05.03.2013
By Terry Flanagan

Canadian Market Adjusts to Dark Rules

More than six months after Canada implemented new rules to rein in dark trading, there are some indications that market participants are acclimating.

“When the dark rules took effect we first saw a decline in dark, but there has been an uptick in the past two months or so,” said Kevin Sampson, vice president of business development and strategy for TMX Group. “Liquidity providers participating in dark pools are having an opportunity to see how order flow patterns adjust, and update their routing strategies.”

In October 2012, the Canadian Securities Administrators and the Investment Industry Regulatory Organization of Canada implemented rules governing dark liquidity. Key aspects to the regulation include visible order priority, meaningful price improvement, and minimum size.

“We are supportive of the dark framework put in place by regulators. We have always felt it’s appropriate to have a framework which first and foremost encourages transparency and a visible process for price formation,” Sampson told Markets Media. “The framework put in place is not inconsistent with core principles of the Canadian marketplace previously. Our allocation methodology is price-broker-time priority as opposed to price-time priority — this encourages on-book activity.”

Dark trading in Canada declined to an estimated 2-3% of equity trading volume after the October 2012 rule changes, from about 5% previously. The recently observed uptick suggests that dark trading may rebound to earlier levels.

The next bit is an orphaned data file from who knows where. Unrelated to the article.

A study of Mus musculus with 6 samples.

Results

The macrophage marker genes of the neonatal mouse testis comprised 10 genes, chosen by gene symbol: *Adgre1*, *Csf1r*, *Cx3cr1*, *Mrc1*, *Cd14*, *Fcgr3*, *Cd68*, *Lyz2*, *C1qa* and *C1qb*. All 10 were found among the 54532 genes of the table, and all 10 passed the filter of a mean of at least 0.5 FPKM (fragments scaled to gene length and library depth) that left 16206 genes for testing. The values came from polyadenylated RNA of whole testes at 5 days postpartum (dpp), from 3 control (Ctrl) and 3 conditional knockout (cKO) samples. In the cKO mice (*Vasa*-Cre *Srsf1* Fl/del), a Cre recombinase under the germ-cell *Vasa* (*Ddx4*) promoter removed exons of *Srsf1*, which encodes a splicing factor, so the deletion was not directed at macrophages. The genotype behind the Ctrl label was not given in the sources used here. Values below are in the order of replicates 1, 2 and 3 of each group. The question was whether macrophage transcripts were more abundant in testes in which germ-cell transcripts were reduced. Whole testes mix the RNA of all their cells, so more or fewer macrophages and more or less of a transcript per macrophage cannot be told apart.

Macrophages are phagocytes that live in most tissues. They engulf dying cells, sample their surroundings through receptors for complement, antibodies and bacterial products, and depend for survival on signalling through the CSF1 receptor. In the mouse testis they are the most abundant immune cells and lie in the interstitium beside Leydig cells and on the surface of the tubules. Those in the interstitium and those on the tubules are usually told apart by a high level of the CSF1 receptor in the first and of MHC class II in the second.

“Dark trading has a role to play. It’s an option that serves a purpose for some market participants,” Sampson said. “Canada’s dark rules do not preclude dark trading – there are still a variety of dark models out there that give investors a choice. So the rules allow for a framework, but not the degree of fragmentation, costs, or non-transparency” that can be associated with higher levels of dark trading, he said.

TMX continues to support the regulations regarding dark trading, but more time is needed to fully assess the framework, Sampson noted. “Dealers take a while to adjust…As far identifying impact and nuances, it really is too early. We still have some work to do in having both the sell side and buy side become more educated and comfortable with the use of dark trading.

Sampson said some foreign traders and investors relayed that they like Canada’s market structure for its transparency, clear rules, and lack of complexity compared with the U.S. Displayed liquidity in Canada is WYSIWYG, or what you see is what you get, he noted.

“We definitely would be concerned” if off-exchange volumes were at U.S. levels of as much as 40%, Sampson said. “Fragmentation has a cost, and it’s incumbent on the industry as a whole to ensure that the benefits of fragmentation are commensurate with the costs…Excessive dark fragmentation creates almost a two-tiered market structure.”

Other Canadian market participants are more constructive on fragmentation, noting that an increased field of trading-venue providers fosters competition and innovation. There is also the point that price improvement may be left on the table.

“Although the dark rules have been quite restrictive to liquidity providers it has not been counterproductive,” said Sean Debotte, director of business development at Omega ATS. “Most of the previous dark liquidity has migrated back to lit venues where they participate in price discovery. The primary detriment is that liquidity consumers are now crossing the spread more often and not able to take advantage of small dark price improvements.”